Friday, March 7, 2008

Like, are you strong enough to be my man?!

If it weren't so cliche and embarrassing, I'd really like to be one of those people who shamelessly uses song lyrics to convey their inner thoughts. Not in the angry Avril Lavigne way when your boyfriend breaks up with you ("so much for my happy ending"). Or the Dave lyrics that contemplate your future, or lack thereof ("eat drink, be merry, for tomorrow we all die?" Yikes!) My current facebook favorite is those ladies rockin' Colbie Caillat ("Jane Doe is wishing you'd just realize what I what I just realized". Trust me, sister, a facebook plea for help, helps NO ONE).

However, if I were to use song lyrics to push an agenda, I'd aim a little higher. I'd align myself with the solid songwriters of yesteryear. Legendary Performer friends, I am not talking about Bix or Bessie. I know I'm not that cool. I'm thinking more along the lines of... 60's and 70's singer-songwriters. Oh yes, Bob Dylan and Paul Simon. Van the MAN Morrison, and a little Crosby, Stills, Nash, and Young. Sweet mother, James Taylor lyrics would be spewing from my fingertips and into cyberspace like there was no tomorrow.

Before everyone was writing sugary sweet pop music, these fellows were taking chances, writing of course about their failed or successful relationships; they were also writing some sweet appeals for social change. And this was the popular music of the day. When I try to think of current songs that talk about social change, I can remember a few songs from Green Day's last album. Or maybe the gem 'What's Goin On' Marvin Gaye cover that somehow managed to feature Fred Durst, Nelly, and Bono. Sure, that song made a lot of money for an AIDS foundation. But I try not to take moralistic lessons from people like Durst, as he wrote the lyrics "you act like a whore, so just drop dead". Ditto Nelly, whose 'Tip Drill' song advocates having sex with ugly women from behind, so as not to see their face, with the words "it must be yo ass, cuz it ain't yo face".

Strung out as they may have been, my men were pretty socially appropriate. This is why I would use Bob Dylan in the event of a bad breakup. When he was screwed over by Edie Sedgwick, he wrote a few scathing songs about her. ("I wish that just for one time, you could stand inside my shoes. You'd know what a drag it is... to see you"). Angry, to the point, zero references to her sexual choices. Good work Bobby!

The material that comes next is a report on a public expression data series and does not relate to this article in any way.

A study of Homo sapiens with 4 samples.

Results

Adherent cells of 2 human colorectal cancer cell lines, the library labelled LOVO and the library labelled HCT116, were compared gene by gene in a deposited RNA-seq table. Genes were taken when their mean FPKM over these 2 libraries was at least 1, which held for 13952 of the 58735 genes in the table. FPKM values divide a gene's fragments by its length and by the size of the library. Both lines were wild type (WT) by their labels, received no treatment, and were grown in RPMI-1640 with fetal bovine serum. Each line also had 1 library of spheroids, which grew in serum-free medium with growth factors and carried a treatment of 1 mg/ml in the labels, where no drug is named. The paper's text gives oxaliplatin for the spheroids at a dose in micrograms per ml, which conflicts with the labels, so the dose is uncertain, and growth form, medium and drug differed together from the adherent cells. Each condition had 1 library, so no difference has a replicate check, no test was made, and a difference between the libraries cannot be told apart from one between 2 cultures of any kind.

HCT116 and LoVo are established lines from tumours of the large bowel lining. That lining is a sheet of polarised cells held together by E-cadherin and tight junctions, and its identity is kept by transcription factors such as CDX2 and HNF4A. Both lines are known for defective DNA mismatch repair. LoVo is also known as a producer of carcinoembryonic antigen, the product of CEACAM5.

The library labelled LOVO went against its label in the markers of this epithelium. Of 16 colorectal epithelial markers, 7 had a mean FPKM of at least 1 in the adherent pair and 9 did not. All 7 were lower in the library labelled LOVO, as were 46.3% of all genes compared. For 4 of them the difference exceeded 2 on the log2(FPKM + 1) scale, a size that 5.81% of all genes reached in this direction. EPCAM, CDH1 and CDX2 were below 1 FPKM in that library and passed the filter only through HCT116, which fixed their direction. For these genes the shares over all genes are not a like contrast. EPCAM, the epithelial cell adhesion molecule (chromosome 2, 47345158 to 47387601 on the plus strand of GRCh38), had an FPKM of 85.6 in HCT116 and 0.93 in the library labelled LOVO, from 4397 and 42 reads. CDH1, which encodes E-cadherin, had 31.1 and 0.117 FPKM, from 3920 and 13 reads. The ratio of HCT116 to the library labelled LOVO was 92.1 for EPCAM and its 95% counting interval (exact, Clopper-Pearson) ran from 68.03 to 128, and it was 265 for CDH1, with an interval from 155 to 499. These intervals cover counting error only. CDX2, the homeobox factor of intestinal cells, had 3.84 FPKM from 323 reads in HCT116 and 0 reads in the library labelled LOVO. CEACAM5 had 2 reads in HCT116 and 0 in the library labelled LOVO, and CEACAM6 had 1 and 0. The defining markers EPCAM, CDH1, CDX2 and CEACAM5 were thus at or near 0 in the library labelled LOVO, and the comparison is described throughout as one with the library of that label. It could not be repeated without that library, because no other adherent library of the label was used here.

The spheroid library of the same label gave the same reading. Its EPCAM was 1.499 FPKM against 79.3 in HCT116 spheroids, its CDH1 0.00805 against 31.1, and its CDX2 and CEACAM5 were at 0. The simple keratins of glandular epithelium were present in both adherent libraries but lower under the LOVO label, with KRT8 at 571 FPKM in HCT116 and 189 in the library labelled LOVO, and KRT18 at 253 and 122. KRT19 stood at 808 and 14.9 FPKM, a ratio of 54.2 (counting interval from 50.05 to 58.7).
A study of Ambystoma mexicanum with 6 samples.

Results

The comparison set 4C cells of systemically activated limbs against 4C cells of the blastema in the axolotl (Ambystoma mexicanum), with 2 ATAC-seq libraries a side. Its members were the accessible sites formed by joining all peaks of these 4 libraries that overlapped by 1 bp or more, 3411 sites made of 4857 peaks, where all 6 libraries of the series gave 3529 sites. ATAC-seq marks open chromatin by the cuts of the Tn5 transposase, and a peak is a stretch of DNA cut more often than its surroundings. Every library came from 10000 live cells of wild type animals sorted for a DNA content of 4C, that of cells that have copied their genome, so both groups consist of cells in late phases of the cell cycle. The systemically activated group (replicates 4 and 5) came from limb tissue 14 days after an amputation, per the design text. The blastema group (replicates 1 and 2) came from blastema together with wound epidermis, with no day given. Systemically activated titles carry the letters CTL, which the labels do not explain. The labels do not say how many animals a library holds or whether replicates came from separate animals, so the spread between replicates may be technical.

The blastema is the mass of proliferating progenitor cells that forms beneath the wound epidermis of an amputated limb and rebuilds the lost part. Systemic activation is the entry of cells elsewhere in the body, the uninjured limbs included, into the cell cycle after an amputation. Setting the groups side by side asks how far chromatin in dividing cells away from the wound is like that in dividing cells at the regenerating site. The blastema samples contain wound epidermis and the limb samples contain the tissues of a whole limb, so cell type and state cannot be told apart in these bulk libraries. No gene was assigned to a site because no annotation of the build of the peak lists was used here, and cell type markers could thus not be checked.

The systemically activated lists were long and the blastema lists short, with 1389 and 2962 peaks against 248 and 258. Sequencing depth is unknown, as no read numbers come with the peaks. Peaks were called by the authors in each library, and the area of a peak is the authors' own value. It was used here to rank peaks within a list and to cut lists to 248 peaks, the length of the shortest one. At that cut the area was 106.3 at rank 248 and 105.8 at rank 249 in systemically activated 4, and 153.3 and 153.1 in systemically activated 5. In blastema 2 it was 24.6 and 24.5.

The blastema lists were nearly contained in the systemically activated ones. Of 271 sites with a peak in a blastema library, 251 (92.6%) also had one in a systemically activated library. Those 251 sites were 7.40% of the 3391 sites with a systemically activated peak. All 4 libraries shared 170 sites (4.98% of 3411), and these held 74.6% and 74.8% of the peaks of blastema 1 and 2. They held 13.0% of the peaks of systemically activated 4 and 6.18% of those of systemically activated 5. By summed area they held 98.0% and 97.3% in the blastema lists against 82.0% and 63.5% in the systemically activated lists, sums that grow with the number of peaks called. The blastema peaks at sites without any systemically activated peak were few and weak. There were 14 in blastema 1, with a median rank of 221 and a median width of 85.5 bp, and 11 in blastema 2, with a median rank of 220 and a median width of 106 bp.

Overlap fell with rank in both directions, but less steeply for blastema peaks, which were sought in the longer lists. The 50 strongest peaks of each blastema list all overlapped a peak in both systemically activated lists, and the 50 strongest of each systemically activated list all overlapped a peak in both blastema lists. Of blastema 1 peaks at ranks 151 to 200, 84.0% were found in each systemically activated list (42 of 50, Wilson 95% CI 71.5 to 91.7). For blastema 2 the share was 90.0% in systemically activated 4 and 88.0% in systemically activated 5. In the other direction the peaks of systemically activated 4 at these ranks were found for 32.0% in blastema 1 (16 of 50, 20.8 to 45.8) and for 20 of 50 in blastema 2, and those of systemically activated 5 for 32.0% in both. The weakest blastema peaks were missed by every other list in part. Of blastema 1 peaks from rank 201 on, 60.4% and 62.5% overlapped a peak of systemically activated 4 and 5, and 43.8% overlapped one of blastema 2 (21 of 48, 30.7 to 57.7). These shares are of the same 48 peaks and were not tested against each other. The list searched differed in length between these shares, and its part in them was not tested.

Contemplating the meaning of life? Welll, I think we all know where I'd go. James Vernon Taylor, 'The Secret of Life', where he tells me that "the secret of life is enjoying the passing of time".

Wanting a lover to realize what I just realized? Back to my friend Bob. "If you find someone who gives you all of her love. Take it to your heart, don't let it stray."

Unfortunately, I'm not quite tacky enough to fall into that trap yet. Or maybe I just haven't yet been in the situation where I can only attack my ex via social networking sites. I really hope it's the former.

P.S. Em, how proud are you of me? I waited until my fourth post to be a music bitch.


Mary said...

good god. keep some sweet sweet james lyrics in my life. love it. love you!

Jenna said...

I'm not smart enough to read your blogs...

Emily said...

i don't even know what to say about that post. i REALLY wanted to stop reading, but i wanted to be a supportive friend and be able to say i read your post. i wanted to vomit several times reading that post actually.

but the true question is, did you have to google any of the information in that post or do you just know that much random shit?
you freak me out.

Gina Marie said...

So, this post is a huge hit, then?

Jan - I wrote this cracked out on soooo much caffeine, understanding it has nothing to do with intelligence

Em - I clearly lifted the Nelly and Limp Bizkit lyrics from a women's studies paper on misogyny in song lyrics. The rest of it was all in my head. You hate me even more now, don't you?